Lost: Rooms of Missing People in Karolina Jonderko’s Series
Polish photographer, born in Rydułtowy, currently based in Warsaw. Has a Master's degree in photography from the Polish National Film, Television and Theater School in Lodz. Member of Napo Images Agency. She won Magnum & Ideas Tap award and completed an internship at Magnum Photos office in New York City. Most of her long-term projects are focused on the aftermath of loss. She has received both Polish and international awards for her work. Works both locally and internationally.
— It was 2012. I was on the train on my way home reading My Lovely Bones by Alice Sebold. There was one particular moment in this book when the missing girl’s little brother entered her room and started jumping on her bed. Her father yelled at him and told him not to touch anything, because she might come back. That made me think of the empty flat I was going to. My mum’s room has not changed much despite the fact it had been my room since her death in 2008.
I arrived at my destination, got off the train, and the platform was wallpapered with posters of missing people’s faces. So I wondered if their rooms are left untouched as well. I wanted to find out. This is how it started. It took almost a year and over 7,200 km.
Despite the fact that all the stories were different I remember all of them and their details very clearly. Every conversation, every meeting with a family was extremely emotional. To be honest, those conversations were more important to me than taking the pictures. Surely they were the hardest part of the work. Talking to parents, wives, and siblings of the missing people.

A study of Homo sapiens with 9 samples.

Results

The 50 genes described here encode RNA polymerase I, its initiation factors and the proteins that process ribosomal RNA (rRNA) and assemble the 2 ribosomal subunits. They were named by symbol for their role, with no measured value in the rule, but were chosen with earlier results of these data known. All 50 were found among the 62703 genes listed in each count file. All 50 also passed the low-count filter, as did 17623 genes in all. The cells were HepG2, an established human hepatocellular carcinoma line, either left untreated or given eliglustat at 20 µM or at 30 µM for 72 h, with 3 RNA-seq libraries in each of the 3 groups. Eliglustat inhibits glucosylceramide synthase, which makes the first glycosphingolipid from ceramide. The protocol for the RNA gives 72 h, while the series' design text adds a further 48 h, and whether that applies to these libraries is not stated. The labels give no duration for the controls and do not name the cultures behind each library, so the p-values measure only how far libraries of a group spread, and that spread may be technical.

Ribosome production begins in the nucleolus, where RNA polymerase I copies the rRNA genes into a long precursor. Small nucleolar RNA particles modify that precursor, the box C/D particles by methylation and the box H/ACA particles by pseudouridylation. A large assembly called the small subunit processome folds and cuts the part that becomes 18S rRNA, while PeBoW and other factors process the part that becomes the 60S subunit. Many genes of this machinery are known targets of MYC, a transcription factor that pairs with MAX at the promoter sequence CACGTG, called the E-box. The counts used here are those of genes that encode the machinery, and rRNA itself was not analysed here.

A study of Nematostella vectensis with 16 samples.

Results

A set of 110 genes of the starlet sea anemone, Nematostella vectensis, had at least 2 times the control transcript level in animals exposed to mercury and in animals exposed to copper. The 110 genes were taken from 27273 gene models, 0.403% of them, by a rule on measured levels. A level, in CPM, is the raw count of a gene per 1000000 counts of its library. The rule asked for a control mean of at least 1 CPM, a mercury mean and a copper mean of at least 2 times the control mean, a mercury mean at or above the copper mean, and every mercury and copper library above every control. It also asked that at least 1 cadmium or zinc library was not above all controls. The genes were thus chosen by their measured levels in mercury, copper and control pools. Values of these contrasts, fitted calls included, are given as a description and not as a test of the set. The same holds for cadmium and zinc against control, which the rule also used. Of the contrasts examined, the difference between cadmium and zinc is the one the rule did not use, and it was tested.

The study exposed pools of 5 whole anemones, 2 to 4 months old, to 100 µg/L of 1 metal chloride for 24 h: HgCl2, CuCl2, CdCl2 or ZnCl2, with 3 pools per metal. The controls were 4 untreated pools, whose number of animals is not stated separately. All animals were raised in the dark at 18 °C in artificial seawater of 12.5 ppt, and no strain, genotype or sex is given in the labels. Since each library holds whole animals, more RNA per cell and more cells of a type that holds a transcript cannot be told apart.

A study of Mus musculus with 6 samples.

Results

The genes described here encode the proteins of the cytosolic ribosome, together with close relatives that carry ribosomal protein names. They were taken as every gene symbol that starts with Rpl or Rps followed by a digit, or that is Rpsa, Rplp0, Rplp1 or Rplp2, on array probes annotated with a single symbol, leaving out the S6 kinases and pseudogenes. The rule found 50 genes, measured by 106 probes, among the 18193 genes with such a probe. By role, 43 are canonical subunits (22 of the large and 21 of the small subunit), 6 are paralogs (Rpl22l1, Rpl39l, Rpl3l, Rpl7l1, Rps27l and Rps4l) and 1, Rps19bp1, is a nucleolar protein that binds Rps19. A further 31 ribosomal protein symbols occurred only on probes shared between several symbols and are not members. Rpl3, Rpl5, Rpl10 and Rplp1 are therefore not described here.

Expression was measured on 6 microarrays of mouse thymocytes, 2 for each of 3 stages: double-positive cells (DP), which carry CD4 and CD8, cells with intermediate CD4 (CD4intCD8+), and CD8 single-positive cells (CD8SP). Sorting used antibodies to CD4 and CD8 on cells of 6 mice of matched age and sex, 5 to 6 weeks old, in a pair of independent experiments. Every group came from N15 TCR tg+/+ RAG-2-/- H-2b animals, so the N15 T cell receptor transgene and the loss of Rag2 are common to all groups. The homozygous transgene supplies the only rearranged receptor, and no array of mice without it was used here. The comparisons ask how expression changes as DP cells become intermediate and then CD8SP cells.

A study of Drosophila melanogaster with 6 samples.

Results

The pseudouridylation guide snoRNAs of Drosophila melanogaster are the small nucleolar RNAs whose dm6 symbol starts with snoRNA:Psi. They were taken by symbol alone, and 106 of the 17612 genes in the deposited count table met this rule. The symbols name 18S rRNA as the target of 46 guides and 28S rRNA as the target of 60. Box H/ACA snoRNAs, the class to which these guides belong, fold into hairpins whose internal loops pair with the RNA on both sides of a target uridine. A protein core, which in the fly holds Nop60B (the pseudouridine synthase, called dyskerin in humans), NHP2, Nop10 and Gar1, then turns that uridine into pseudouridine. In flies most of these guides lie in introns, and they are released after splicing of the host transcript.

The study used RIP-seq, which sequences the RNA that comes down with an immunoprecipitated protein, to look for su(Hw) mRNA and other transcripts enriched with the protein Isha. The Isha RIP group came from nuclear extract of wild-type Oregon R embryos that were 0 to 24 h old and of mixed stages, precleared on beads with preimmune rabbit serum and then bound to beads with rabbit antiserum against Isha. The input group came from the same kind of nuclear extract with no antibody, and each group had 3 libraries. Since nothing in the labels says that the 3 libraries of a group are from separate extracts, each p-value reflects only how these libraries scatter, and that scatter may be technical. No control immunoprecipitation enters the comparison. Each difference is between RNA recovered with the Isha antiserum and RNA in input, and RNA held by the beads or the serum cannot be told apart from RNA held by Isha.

Those families opened their doors to me, because they believed it might help them finding their loved ones and I believed that too.
The first room I visited had the biggest impact on me. It used to be Robert’s Wojtowicz room. He went missing in 1995 and his father has been posting his pictures in Cracow, where they live, ever since. He made him a website and a Facebook account. He even set up a foundation that gathers together families of the missing.
As for Robert, he was a psychology student at Jagielloński University in Cracow. He was last seen in the morning taking the trash out on the way to catch a bus to school that he never got onto. He was 21.
I worked closely with the Itaka Foundation (the only foundation in Poland who helps with searching for missing people). The foundation’s psychologist helped me a lot during this project. Although it was very (psychologically) difficult to make, I had a sense of mission. I wanted to make a change, to draw attention to this issue. Those thoughts helped me to complete this project.